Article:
May 23, 2008
By: Alvaro Fernandez
We just received this very insightful essay on stress management and brain health written by Landon, a homeschooler and participant in Susan Hill’s writing workshop. Susan asked her students to write about implications of recent brain research.
Enjoy the article and the long weekend (at least here in the US) and Relax…
Stress Management for Your Brain Health
— By Landon N
Thousands and thousands of web-like neurons linked together form a spongy mass inside a skull. This mass, called the brain, is what controls the body and the thoughts that run threw it have a notable effect on the heath of an individual. In addition to thoughts, fear, stress, and emotions also have a strong effect on health. So then, health depends on more than just eating right and exercising; it depends on our mental state as well.
Thoughts have more power in the body then most people know. The brain and health are closely connected, and usually if one malfunctions, so does the other. In fact, some scientists have traced about 87 percent of illnesses to thoughts (Leaf 2007). Even if that percentage high, I do think that thoughts definitely have an effect on health. In addition to shaping our health, thoughts also shape our attitudes. As an ancient proverb says, “For as he thinketh in his heart, so is he. This means that if someone is constantly thinking negative thoughts, he will tend to be someone with poor health and vice versa. If not properly dealt with, bad thoughts can slowly build up and could cause damage to the brain. This is very important for people to know since it could help them to have better health and therefore a better life. In addition, if they knew this they would be spared the pain of being polluting with bad thoughts. That is why this is the most important thing for people to know about the brain. The public should know that the true cause of their illnesses could be nothing more than a buildup of bad thoughts over the years.
Fear, stress, and emotion are also directly linked to health and the brain. For example, fear starts as harmful thoughts, which are created in the brain, and which in turn, can cause stress. Also, anyone who has been afraid at one time or another knows that fear is stressful. The mouth gets dry, the hands get clammy, and the nerves get jumpy. Living in a continual state of fear is very unhealthy because it wears greatly on an individual’s health. So then, fear can be unhealthy because it causes stress, which is unhealthy in excessive measures. In some cases, overstressed children have a 30% higher chance of developing some kind of cancer in their early 30’s (Leaf 2007) Also, when someone is too stressed, the dendrites in the brain can actually shrink causing their mind to “go blank” (Leaf 2007). In addition, it has been found that stress can cause people to gain weight and take vital minerals from the bones. Emotions are also very important to the health of a person, and studies have shown that emotional pain can slowly turn into physical pain as well. People who are angry all the time can have many more health problems then someone who is not. And those who hold on to a past wrongs and refuse to forgive only hurts themselves both emotionally and physically. As the psalmist said, “Refrain from anger and turn away from wrath; do not fret–because it leads only to evil.” With this in mind, we should not hold grudges or be unforgiving; the only one hurt the one who holds the grudge. One can hide or bury his feelings and not deal with them, but be sure those buried emotions will come to the surface again when they don’t expect it. So many things are directly linked to the brain and health and they are important because they have a strong effect on our lives.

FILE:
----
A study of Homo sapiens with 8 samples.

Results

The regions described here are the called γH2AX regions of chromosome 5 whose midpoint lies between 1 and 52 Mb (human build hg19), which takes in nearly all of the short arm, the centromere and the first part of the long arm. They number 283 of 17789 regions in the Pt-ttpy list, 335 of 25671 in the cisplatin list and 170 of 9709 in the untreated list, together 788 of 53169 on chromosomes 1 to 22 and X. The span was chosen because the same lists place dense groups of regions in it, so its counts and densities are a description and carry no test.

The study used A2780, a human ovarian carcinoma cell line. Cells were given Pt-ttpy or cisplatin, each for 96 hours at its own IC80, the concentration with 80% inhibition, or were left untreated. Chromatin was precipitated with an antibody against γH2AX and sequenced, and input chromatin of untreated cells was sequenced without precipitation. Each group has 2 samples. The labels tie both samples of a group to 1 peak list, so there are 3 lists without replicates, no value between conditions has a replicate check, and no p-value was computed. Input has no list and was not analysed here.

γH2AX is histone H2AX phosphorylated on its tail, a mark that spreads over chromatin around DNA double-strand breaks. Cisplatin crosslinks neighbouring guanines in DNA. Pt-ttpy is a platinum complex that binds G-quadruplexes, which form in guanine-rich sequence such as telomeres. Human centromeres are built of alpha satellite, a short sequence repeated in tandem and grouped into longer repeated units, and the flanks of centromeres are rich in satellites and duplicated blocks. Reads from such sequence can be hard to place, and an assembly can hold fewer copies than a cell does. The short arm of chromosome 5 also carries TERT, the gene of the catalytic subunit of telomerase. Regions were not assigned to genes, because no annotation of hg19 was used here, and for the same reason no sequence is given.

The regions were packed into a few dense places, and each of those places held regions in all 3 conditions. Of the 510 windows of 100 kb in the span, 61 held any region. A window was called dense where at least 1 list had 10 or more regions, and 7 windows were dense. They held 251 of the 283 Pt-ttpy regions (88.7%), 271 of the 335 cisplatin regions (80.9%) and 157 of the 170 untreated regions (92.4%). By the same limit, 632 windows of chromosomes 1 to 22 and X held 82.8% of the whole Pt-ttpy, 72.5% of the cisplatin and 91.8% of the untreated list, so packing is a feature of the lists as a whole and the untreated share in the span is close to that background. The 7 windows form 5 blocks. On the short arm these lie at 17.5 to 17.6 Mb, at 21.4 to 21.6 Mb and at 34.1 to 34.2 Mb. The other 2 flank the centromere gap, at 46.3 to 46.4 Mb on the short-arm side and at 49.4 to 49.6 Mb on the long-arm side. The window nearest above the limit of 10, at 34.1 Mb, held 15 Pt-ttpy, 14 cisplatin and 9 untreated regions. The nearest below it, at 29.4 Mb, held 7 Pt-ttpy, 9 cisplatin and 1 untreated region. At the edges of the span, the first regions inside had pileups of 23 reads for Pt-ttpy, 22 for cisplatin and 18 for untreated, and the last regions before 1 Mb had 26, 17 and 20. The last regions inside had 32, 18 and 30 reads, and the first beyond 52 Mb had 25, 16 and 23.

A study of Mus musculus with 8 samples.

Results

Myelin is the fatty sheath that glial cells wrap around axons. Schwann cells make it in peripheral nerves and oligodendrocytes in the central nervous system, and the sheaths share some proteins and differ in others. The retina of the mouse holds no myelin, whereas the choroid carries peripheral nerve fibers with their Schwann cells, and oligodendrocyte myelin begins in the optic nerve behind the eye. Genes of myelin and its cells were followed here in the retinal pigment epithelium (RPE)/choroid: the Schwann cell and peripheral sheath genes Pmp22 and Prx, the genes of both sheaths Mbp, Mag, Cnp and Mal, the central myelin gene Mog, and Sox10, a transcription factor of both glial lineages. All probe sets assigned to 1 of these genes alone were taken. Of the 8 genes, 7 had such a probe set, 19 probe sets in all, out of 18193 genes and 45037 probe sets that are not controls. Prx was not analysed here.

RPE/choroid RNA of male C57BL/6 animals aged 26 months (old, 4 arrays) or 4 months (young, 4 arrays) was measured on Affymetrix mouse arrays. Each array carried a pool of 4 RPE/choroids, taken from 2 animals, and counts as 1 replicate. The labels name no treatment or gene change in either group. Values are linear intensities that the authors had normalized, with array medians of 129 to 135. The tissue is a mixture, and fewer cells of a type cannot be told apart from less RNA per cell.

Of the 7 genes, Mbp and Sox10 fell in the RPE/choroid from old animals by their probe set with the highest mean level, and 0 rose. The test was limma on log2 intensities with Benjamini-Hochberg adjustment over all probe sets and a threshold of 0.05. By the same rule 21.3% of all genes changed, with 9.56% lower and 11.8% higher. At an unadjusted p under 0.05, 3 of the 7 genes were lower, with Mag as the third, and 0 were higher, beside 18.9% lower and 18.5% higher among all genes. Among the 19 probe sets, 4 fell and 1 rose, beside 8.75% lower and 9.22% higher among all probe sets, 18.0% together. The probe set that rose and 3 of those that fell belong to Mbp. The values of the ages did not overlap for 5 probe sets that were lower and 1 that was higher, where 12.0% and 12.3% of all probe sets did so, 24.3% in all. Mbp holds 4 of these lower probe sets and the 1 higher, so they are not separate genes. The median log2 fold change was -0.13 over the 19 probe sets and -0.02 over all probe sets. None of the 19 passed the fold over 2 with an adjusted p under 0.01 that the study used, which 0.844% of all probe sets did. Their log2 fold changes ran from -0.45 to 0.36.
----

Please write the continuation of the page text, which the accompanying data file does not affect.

Though the brain is made up of thousands parts, each small thought has a consequence of its own. Stress, emotion, and fear also have an effect on the brain, and therefore the health. The most important concept for people to know about the brain is that thoughts affect health and that health is the guardian of life.